Bullying the Bullies

February 11, 2013

I would have called the former cheerleader for the University of Wisconsin-Green Bay and Green Bay Packers, a victim of cyberbullying, except that she didn’t allow herself to be victimized.  When the odds were stacked against her, she took matters into her own hands and fought back.

Her picture had been uploaded on Facebook to the Chicago Bears Fan page earlier this week with a caption that said, “Like if you agree the Packers have the worst cheerleaders in the NFL.”

This photo had more than 80,000 views, 3,400 Likes, and more than 1,400 comments, most of them negative.  They called this very pretty girl ugly, made sexually explicit comments about her, and ganged up against her.

She took her complaint to Facebook, asking them to remove the photo and the hateful comments.  Their response was that the photo does not meet their qualifications for bullying.

And that’s when she went after the bullies in one of the classiest ways to hit the Internet.  She took to YouTube to deliver her message about cyberbullying, but instead of speaking, she wrote her message on several pieces of paper delivered consecutively with Josh Groban singing, “You Raise Me Up” as background music.

Each of those hateful messages had the name of the person who posted them, making it impossible for these people to ever deny having been involved in such wholesale emotional slaughter.

In her message, she wrote, “Help me let these people know that they’ve messed with the wrong Wisconsin girl!” And it worked.  After her video went viral, the Chicago Bears bowed down to public pressure and took down the post and issued an apology saying that in the future they would monitor the comments better so they can delete the ones that are out of line.

This incident reminded me of an experiment that was made by a teacher many years ago.  She divided the class into blue eyes and brown eyes.  The green eyes and hazel eyes were counted as blue eyes.  Then she had the brown eyes make fun of the blue eyes and treat them as undesirables.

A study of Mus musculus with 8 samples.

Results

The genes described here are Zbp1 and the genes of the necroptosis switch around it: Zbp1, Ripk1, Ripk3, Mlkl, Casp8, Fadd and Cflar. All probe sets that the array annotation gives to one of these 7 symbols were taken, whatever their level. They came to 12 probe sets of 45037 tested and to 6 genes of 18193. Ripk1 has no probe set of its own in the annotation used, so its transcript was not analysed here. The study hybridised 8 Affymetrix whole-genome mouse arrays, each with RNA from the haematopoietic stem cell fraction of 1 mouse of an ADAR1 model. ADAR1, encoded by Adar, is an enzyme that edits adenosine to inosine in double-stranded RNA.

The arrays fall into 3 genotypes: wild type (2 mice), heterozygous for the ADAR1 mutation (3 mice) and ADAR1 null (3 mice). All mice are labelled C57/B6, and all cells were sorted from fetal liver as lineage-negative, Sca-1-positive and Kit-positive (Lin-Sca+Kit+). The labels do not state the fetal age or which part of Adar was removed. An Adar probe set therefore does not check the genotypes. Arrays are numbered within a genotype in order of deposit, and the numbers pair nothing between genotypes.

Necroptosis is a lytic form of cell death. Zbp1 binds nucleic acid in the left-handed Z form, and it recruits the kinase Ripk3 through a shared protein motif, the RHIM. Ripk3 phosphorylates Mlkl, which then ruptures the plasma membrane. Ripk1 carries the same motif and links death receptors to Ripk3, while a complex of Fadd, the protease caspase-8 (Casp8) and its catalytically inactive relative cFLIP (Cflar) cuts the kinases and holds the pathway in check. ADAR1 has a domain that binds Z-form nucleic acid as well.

She conducted this experiment for several weeks.  The brown-eyed children became more aggressive and nastier and the blue-eyed children became very self-conscious and withdrawn.

Little by little, the blue-eyed children became introverted and exhibited feelings of insecurity and they allowed themselves to be bullied and victimized.  They also kept their eyes partially closed so that no one could see the color of their eyes.

Perhaps people today could take a page from that teacher’s book.  If you suddenly find yourself the victim of bullying, you might want to involve your family and friends to help you fight it in a public way.  You might also want to make a video and put it on YouTube and name the bullies so that it becomes a matter of public record.

It doesn’t matter if the leader of these bullies is gorgeous or ugly; what matters is how he or she will perceive himself or herself once the vicious attacks start coming fast and furious.

If you can get your family and friends to post negative things on Facebook or Twitter and keep up the pressure, the odds are they will be so busy trying to escape the slings and arrows directed at them that they won’t have the time or inclination to keep up their attacks against you.

This is a different world we live in.  People have become angrier and more malicious.  They no longer attack just those who have done something to deserve their enmity; they attack people just for the fun of it and deliberately try to push them into committing suicide.  The worst thing is that there is no accountability for their actions and no remorse for their part in it.

I have never believed in an eye for an eye but after seeing that former cheerleader’s video, I’m beginning to see the merits of using the Internet to accomplish your purpose when nothing else seems to be working.

There needs to be more Public Service Announcements, more instructions by the teachers and parents from kindergarten on up that let children know that if they are the victims of bullying, that they should make their parents aware of it.

Most children think that if they tell their parents, the bullying will get worse but, since the Internet has become such a powerful force, they might find that there is a way to fight back without becoming more of a victim.

For those children who are contemplating suicide, it might be just the thing to give them the courage to expose the bullies in a public way, especially if they can hide behind a screen name while they are doing it.  It might even give them an incentive to tough it out for a little longer, to live, to fight another day.  And most of all, to live long enough to develop their potential and not let the bad guys win.